Board in charge of overseeing more than $30 billion in public-private infrastructure spending includes former Liberal candidates and donors
What’s worse? The body charged with overseeing more than $30 billion in public-private infrastructure spending is dominated by people with Liberal connections.
In late 2017, the $35 billion Canada Infrastructure Bank unveiled a 10-member board of directors following what it called an “open, transparent and merit-based selection process” designed to attract “proven business and community leaders.”
The bank, which aims to attract private financing for public infrastructure projects, has been criticized for “putting private capital in the driver’s seat” and relying on Bay Street as a “source of finance and expertise.”
Funny thing, though: the Liberal infrastructure bank’s “merit-based selection process” coincidentally appointed many people with Liberal connections.
- Dave Bronconnier, a former Calgary Mayor who ran for the Liberals in 1997 and has donated to the Liberal Party as recently as 2011 according to Elections Canada records
- Christopher Hickman, Chairman and Chief Executive Officer of Marco Group of Companies, who has donated on several occasions to a Liberal riding association in Newfoundland and to Justin Trudeau’s leadership campaign.
- Stephen Smith, CEO of First National Financial, who has donated to Liberal riding associations and candidates tapped to run for Justin Trudeau.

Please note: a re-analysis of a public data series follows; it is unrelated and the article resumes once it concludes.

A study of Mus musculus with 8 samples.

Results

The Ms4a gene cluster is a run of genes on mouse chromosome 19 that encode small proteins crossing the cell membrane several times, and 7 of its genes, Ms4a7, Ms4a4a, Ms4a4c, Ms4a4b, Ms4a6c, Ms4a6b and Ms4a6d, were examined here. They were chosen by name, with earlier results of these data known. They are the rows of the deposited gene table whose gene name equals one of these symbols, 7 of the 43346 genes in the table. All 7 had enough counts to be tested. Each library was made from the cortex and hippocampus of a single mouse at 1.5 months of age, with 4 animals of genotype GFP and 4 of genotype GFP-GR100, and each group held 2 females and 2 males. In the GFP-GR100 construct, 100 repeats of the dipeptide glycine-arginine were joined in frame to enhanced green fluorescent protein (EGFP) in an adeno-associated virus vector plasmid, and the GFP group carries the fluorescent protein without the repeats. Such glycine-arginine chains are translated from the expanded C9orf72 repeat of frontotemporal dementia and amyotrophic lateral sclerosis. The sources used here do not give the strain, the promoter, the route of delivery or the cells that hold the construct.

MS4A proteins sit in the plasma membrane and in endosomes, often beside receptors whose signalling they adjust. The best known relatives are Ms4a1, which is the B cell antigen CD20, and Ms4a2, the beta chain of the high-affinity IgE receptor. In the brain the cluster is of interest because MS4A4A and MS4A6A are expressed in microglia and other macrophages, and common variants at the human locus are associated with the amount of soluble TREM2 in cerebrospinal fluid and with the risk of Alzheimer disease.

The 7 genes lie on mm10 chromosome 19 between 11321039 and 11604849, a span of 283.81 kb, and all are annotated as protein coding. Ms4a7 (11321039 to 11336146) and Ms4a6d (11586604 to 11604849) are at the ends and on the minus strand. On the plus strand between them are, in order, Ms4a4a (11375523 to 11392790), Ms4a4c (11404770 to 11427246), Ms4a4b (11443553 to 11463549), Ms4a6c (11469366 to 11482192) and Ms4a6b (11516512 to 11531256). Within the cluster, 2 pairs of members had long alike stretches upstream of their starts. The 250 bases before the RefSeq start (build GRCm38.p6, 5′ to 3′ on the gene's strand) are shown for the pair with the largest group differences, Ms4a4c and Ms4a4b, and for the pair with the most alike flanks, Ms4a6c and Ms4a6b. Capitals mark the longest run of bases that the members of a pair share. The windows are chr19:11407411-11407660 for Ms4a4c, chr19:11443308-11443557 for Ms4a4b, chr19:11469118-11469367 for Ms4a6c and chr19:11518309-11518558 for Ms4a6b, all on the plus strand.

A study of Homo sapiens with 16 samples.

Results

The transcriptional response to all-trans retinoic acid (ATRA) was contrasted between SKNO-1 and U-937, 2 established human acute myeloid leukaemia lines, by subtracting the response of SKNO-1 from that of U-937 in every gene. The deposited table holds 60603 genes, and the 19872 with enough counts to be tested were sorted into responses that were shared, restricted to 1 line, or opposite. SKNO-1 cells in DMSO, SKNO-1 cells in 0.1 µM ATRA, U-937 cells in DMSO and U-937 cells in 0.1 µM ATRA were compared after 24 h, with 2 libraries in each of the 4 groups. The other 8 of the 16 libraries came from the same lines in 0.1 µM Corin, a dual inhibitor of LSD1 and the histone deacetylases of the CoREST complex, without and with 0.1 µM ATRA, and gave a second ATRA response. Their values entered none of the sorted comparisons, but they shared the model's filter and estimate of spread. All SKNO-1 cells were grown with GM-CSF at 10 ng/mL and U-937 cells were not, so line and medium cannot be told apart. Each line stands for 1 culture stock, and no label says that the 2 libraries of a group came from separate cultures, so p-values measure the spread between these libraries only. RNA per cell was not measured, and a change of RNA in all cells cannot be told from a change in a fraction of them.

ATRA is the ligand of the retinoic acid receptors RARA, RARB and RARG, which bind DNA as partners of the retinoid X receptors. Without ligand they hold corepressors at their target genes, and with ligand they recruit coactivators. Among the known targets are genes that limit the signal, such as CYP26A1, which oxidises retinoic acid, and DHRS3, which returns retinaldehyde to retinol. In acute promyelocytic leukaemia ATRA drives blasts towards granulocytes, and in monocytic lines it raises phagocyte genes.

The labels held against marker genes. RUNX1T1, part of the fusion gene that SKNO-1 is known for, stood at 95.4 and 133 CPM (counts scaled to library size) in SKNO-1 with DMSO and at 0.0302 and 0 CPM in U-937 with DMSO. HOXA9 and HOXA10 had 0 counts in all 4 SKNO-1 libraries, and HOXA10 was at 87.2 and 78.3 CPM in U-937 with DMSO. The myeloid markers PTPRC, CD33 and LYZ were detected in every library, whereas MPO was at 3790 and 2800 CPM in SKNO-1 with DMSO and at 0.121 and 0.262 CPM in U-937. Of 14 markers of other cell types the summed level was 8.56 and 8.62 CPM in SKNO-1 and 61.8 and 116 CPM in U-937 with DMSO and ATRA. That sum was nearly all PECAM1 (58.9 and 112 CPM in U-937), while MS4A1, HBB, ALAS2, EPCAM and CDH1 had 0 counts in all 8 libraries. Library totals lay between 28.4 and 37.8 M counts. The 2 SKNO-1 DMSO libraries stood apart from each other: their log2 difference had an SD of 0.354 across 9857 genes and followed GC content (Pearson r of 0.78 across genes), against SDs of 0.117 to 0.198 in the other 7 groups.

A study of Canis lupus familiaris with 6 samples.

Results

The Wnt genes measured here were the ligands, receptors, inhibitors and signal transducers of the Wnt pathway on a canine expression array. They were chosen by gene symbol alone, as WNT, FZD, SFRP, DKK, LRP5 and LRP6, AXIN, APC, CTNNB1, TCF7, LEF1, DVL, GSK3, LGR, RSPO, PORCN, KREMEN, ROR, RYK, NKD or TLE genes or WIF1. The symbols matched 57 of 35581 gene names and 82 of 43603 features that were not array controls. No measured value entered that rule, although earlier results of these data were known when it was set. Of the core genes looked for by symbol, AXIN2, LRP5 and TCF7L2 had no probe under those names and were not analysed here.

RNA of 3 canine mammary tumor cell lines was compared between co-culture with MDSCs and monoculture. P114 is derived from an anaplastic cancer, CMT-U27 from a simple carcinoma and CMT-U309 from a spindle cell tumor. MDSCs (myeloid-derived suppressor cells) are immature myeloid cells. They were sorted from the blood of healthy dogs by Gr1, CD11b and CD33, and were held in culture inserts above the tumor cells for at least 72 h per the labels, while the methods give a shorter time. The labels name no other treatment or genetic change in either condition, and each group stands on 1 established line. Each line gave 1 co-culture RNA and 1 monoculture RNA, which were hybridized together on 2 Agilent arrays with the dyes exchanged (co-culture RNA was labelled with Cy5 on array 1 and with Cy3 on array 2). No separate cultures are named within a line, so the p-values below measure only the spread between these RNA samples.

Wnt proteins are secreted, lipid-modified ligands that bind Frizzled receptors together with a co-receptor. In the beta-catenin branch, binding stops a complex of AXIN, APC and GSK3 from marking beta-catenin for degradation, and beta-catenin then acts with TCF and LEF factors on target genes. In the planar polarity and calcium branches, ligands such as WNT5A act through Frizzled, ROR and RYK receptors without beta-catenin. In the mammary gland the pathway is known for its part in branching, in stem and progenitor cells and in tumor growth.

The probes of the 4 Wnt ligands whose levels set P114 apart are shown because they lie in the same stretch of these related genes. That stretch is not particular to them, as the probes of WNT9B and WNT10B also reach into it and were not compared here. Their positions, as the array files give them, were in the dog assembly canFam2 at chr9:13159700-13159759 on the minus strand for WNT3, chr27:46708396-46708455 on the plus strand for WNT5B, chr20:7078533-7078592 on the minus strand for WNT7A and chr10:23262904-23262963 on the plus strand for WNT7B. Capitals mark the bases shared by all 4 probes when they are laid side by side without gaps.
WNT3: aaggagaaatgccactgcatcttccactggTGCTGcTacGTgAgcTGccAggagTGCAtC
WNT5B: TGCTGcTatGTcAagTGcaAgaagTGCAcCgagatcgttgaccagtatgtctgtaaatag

- James Cherry, president and CEO of Aéroports de Montréal, who has made political contributions to both Liberals and Conservatives. He previously supported airport privatization.
- Kim Baird, a registered lobbyist who has previously donated to the BC Liberals and spoke at a federal Liberal riding association event in Vancouver in 2014.
Elections Ontario records also show Janice Fukakusa, Chair of the Board of the Canada Infrastructure Bank, donated nearly $10,000 to the Ontario Liberals during the 2014 provincial election.
The makeup of its board aside, the bank is unlikely to spend in the public interest thanks to the involvement of private capital.
As Canadian Union of Public Employees economist Toby Sanger previously explained:
“It doesn’t take an economist to understand it makes no sense to finance projects at 7 to 9 percent when you can do so at 2 percent [the current interest rate]. Financing at 2 percent for a $100 million project amortized over 30 years adds $34 million to its cost, while 8 percent adds $165 million: almost five times as much in financing costs and doubling the total cost, including the principal. No sensible person would do this with their own mortgage, nor do so in an obvious way with other people’s money (OPM) as a politician. That’s why they dress these projects up as public-private partnerships, or ‘innovative infrastructure financing’, as the Advisory Council proposes with this bank.”
And if investors are looking for a “7 to 9 percent” return, that profit is going to have to come from somewhere.